Storytelling is an essential element in patient safety, said Carole Hemmelgarn, patient advocate and safety specialist.
“That’s how our patients communicate with us,” she said. “When you have patients who have questions, you should embrace them. They are your ally.”
Hemmelgarn was a keynote speaker on March 15 during National Patient Safety Awareness Week. She used a real-life example of breakdowns in communication that resulted in harm to a patient.
These types of stories are important for care providers to hear in order to establish respectful, caring and honest partnerships with patients and families, said Christine Carrico, RN, MSN, CPHQ, director, Patient Safety and Accreditation.
“We are trying to open all lines of communication with our staff and our families so that we can be transparent,” she said. “Telling stories is how we learn, and Carole’s story is very powerful.”
Hemmelgarn stressed the importance of face-to-face communication in preventing medical errors, citing studies that conclude that only about 7 percent of a message is effectively absorbed through non-verbal communication.
“But when there’s vocal communication and facial communication, it goes up to 55 percent,” she said. “Still, we know we are not talking as much as we should since the electronic medical record. We don’t find our patients in the medical records. We find them in the beds.”
There are many reasons why communications between patients and clinicians fail, she said, including culture, ethnicity, language, age, lack of language, hierarchy, busy-ness, lethargy, outside interference and distractions.
“We have to break down those barriers,” Hemmelgarn said. “We really need to listen a lot more. We can learn so much more from our patients if we just listen.”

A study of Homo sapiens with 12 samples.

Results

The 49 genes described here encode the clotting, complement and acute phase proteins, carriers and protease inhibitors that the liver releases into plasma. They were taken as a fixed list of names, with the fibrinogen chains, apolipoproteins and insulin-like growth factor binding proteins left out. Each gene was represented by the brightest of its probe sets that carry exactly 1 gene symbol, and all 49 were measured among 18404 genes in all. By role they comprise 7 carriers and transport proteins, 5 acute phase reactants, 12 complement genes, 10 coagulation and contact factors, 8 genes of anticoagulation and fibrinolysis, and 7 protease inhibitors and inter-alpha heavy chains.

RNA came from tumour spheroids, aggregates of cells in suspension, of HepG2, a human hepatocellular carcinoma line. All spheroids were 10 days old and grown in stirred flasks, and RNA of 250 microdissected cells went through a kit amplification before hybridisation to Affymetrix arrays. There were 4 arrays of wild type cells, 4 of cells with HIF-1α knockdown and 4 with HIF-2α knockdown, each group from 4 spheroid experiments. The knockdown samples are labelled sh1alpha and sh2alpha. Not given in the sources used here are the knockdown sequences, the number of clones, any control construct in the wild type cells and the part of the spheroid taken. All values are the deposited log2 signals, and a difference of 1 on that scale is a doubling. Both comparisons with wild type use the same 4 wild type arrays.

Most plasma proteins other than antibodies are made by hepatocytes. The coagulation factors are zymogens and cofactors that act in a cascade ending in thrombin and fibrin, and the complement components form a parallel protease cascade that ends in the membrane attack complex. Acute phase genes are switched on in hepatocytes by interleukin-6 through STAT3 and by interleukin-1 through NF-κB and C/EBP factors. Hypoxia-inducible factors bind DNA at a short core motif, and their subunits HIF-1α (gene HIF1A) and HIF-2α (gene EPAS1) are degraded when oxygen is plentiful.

She told the story of “Sally,” a 9-year-old girl whose condition deteriorated rapidly after she was admitted to a hospital in Colorado with leukemia.
The resident on duty prescribed medication for anxiety. When Sally complained of abdominal pain, the resident attributed it to Sally’s mental distress. The resident ignored Sally’s mother when she said her daughter was not an anxious child.
“Labels only belong on jars. They do not belong on patients,” Hemmelgarn said. “We get locked into a diagnosis.”
Sally continued to worsen. Her mother complained to nurses and the resident, but no one called an attending physician.
After hours with no improvement in her condition, Sally’s parents demanded to see an attending physician, who rushed Sally into surgery. But it was too late.
At the end of the story, Hemmelgarn revealed that Sally was actually her own daughter, Alyssa. She died of sepsis that resulted from an untreated hospital-acquired infection.
Alyssa’s death and her mother’s struggle to obtain honest answers from the hospital sparked her career as an advocate for patients and patient safety.
“We need to bring mindfulness back into health care,” she said. “The patient comes first, last and everything in between.”